Schnitzel: Fried, Cheap, and Easy

Happy New Year! I took a brief hiatus over the holidays to overindulge in good food and drink, but I am back and ready to cook! All the new year’s resolutions to eat healthier are getting trite, so I decided to buck the trend and start 2012 by coating chicken breasts in bread crumbs and frying them in oil, aka schnitzel. The recipe is available here.

Schnitzel was a staple at my house growing up, and I have learned that I’m not alone. Almost every country offers some variety of schnitzel, whether it be veal, pork, or chicken. My vegetarian friends have scared me away from veal and I don’t eat pork, so chicken schnitzel it is! I loved this recipe for a few reasons: 1) it was delicious, and 2) it required forming a short assembly line and this girl loves process! I ended up with a lot of unused flour and bread crumbs, so I would recommend cutting down on those ingredients. I also would recommend donning an apron because all the dipping, flouring, and breading can get messy.

So how does the whole experience rank? On a scale of 1 to 5, with 1 being “bad” and 5 being “good”

Prep time: 5

Prep time totaled about 15 minutes. I decided to reduce the thickness of some chicken breasts I already had instead of buying new ones, so I had to slice the cutlets in half horizontally before tenderizing. The final step was setting up the dunking stations: flour, eggs, and the bread crumbs and paprika mixture.

Overall ease: 5

This recipe is super easy. Cooking it also reminded me why it’s such a great family recipe; what kid doesn’t love assembly lines?!

Cook time: 5

Once you ease the cutlets into the hot oil, it only takes about 2 minutes per side for the chicken to cook through. This is a great recipe if you have limited time but still want a savory dish.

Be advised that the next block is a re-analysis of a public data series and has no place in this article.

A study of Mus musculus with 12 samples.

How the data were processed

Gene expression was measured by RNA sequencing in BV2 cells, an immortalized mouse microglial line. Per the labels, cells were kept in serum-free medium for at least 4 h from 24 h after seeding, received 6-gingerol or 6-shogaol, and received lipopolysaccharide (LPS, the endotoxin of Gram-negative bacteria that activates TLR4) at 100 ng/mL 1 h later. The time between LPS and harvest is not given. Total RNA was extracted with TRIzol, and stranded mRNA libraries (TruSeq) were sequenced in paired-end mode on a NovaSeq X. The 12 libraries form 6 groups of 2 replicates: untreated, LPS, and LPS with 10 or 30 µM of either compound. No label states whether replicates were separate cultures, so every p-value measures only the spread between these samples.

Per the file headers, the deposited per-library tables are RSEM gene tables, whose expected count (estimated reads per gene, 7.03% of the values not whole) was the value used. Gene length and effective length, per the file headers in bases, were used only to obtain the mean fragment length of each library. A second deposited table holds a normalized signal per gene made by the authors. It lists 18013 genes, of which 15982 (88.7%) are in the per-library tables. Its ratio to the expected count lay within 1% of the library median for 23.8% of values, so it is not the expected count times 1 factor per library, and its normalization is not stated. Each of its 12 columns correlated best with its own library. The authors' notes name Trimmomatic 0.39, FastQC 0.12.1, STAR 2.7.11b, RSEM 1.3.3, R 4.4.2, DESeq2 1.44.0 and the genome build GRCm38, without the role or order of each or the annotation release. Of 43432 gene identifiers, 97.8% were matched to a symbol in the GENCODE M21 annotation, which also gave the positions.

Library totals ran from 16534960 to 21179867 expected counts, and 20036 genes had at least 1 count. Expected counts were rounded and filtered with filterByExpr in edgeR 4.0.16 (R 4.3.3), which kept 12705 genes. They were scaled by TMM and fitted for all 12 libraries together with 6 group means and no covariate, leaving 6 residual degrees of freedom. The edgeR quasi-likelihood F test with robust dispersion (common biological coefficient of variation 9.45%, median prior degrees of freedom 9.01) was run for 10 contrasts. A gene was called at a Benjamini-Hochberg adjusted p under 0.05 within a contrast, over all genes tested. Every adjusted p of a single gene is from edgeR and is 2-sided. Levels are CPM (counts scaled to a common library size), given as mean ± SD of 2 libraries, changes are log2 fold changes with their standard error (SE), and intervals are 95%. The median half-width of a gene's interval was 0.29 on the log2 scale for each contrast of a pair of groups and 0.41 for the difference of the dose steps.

Cost: 5

This is a very low-cost recipe, especially if you already have chicken handy.

Taste: 5

This dish was savory and delicious. The paprika was a critical addition and really enhanced the taste. The breading was crispy and golden brown, and the chicken was very tender. All around yummy.

Chicken Schnitzel

  • 2 lbs boneless skinless chicken breasts (4 large breasts)
  • 1 cup flour for dredging
  • 2 eggs
  • 1 cup breadcrumbs or matzo meal
  • 2 tbsp paprika
  • 1 tbsp sesame seeds (optional)
  • Salt and pepper
  • Oil for frying
  • Fresh lemon wedges for garnish
  1. Lay down a 2-foot long strip of plastic wrap on your kitchen counter top. Place chicken breasts on the plastic, leaving a 2-inch space between each breast. Cover the breasts with another strip of plastic, so the meat is sandwiched between two layers of plastic. Use a mallet to pound the breasts until they are a little less than ¼ inch thick.
  2. Set up three wide, shallow bowls and a large plate on your counter top. In your first bowl, put the flour. In your second bowl, beat the eggs. In your third bowl, stir together the breadcrumbs, paprika, 1 tsp salt and sesame seeds (optional) till well blended. Leave an empty plate nearby where you will place your coated schnitzels.
  3. Pour oil into a skillet until it’s deep enough for frying (about ½ inch). Heat the oil slowly over medium. While oil is heating, dip each breast one by one into your breading bowls—first coat with flour, then with egg, then with breadcrumb mixture.
  4. The ideal temperature to fry schnitzel is around 375 degrees F. When the oil is hot (but not smoking or splattering), fry the coated breasts in single-layer batches until they are golden brown on both sides. If your oil is at the right temperature, it should take about 3-4 minutes per side. Don’t fry more than two breasts at a time in a regular sized skillet, or the oil temperature will drop and the schnitzels will become greasy.
  5. After frying, set the schnitzels on a paper towel and pat them dry to soak off excess oil.
  6. Sprinkle the schnitzels with salt to taste. Serve hot garnished with lemon wedges and your favorite condiment.